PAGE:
02. The Maiden
04. Message to a King
05. An Honourable Reign
06. Knight Life
07. Royal Blood
09. Abdication of Power
13. Vacant Throne
14. A Curse
2012 Nuclear Blast Records
With their second album, Bury Tomorrow is looking for a spot in the big leagues of metalcore. They have Nuclear Blast Records behind them, and the experience gained from playing alongside bands like Asking Alexandria, Otep, and Attack! Attack! Their first album, 2009's Portraits, was an entry-level start for the British quintet, and The Union Of Crowns stays in this general direction. By-the-books is a nice way to describe Bury Tomorrow, as the dual vocals, meaty breakdowns, and melodic touches have been processed and scrapped out for decades. The songwriting, as well as the band themselves, has its moments, but The Union Of Crowns will be all too familiar to most listeners.
Bury Tomorrow does all they can to separate from the herd in the conventional factors. The dual vocals are not the usual whiny clean vocals/flat screams of the average metalcore act. The clean vocals have a hard rock feel, and notes are hit that most metalcore singers would be jealous of. The screams ring out with anger and vigor. The songs aren't written as the aggressive verse/poppy chorus nonsense metalcore has devolved into as of late. Guitarists Mehdi Vismara and Jason Cameron get the latitude in these 14 songs to spread out, taking advantage of these situations. This is not a tour-de-force instrumentally, as the band has a stock of breakdowns they gradually dispel until they run into the main issue that ultimately drags the proceedings down.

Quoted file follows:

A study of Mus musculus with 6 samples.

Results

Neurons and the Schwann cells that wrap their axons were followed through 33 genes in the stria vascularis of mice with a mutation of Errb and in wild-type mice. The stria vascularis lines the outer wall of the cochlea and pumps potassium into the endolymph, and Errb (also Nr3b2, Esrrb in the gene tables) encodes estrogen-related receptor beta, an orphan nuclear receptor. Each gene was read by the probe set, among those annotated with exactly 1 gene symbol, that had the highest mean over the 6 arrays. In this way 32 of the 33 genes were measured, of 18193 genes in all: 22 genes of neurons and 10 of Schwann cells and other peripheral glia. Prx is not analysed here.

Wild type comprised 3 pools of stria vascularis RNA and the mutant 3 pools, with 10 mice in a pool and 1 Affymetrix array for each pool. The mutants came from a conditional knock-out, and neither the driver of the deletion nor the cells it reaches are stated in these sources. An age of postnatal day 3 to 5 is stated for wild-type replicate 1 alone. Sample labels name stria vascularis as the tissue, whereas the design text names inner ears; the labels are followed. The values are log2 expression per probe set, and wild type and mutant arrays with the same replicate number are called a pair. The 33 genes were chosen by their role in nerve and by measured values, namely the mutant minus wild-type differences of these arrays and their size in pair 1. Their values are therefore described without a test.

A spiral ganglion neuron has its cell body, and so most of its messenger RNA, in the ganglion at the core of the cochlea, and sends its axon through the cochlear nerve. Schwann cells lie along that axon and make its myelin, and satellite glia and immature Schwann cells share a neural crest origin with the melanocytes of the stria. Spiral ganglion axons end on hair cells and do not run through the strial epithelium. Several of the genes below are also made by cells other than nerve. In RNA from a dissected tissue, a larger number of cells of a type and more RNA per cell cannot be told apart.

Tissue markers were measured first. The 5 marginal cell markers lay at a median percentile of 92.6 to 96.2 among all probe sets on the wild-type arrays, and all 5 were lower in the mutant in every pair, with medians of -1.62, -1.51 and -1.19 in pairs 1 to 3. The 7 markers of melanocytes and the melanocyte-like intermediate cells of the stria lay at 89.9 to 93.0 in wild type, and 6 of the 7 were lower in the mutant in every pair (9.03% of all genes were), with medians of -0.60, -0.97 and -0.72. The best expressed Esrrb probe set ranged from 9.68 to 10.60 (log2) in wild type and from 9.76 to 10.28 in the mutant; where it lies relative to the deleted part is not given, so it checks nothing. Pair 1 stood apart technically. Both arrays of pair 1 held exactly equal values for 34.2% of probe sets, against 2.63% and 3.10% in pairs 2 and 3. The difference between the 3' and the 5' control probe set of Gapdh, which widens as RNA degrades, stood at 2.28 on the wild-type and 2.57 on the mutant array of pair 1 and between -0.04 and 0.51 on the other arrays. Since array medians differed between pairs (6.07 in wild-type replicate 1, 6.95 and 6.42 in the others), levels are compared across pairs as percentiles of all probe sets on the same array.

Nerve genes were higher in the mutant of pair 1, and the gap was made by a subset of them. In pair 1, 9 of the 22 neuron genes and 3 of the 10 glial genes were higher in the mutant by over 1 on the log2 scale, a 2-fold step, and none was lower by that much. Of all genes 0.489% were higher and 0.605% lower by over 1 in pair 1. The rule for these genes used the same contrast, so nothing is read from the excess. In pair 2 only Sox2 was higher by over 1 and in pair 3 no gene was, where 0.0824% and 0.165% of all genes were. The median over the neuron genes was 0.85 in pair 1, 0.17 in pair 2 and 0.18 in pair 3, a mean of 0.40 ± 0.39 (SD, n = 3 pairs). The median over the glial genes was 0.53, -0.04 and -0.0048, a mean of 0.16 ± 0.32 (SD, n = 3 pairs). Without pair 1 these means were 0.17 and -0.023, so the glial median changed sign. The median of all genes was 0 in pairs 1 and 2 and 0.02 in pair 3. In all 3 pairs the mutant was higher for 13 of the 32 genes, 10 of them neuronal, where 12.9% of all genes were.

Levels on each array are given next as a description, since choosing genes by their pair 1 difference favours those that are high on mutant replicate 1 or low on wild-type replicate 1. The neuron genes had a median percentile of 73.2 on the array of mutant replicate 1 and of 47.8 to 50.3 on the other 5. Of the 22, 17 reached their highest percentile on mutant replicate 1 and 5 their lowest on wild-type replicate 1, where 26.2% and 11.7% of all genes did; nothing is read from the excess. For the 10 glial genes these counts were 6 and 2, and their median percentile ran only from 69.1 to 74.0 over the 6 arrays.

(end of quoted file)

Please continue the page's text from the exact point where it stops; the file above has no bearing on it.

The Union Of Crowns hits the same brick wall of overcompensation that the recent Miss May I album At Heart smacked into. At almost an hour long, The Union Of Crowns just doesn't keep a quality level consistent enough to justify the length. At 35 minutes, this album could have been a major sleeper hit for metalcore. Instead, what starts as an enjoyable album descends into an excruciating grind that isn't saved by a few solid cuts near the end. In need of a serious trim, Bury Tomorrow's effort is wasted on an unsteady middle section.
Take away the middle of the record, and there's quality to be discovered. "Redeemer" is an opener with a purpose, a bruising spectacle of punchy breakdowns and soaring clean vocals. "Lionheart" picks up the tempo and engages the listener in a dizzying streak of lead guitar that doesn't give until the last second has passed. "1603" incorporates a light piano melody in the intro and outro, putting the mellower side of the band on display. This side returns for "A Curse," a rock-infused anthem with a fantastic solo that goes on for almost a minute.
What is disappointing is how strong the individual pieces of Bury Tomorrow are, and how they can't come together in the final product. Their sound is not what one would call "ingenious," but they have a certain forceful technique raised on primal energy. Biting off more than they can handle is a risk that doesn't pay off, and having such a "standard formula" sound doesn't help. Buying a few tracks recommended earlier in the review from iTunes or Amazon is sufficient enough to get the most value out of The Union Of Crowns.
Bottom Line: Metalcore with potential, Bury Tomorrow gets too indulgent with their song selections, dragging down an otherwise decent album.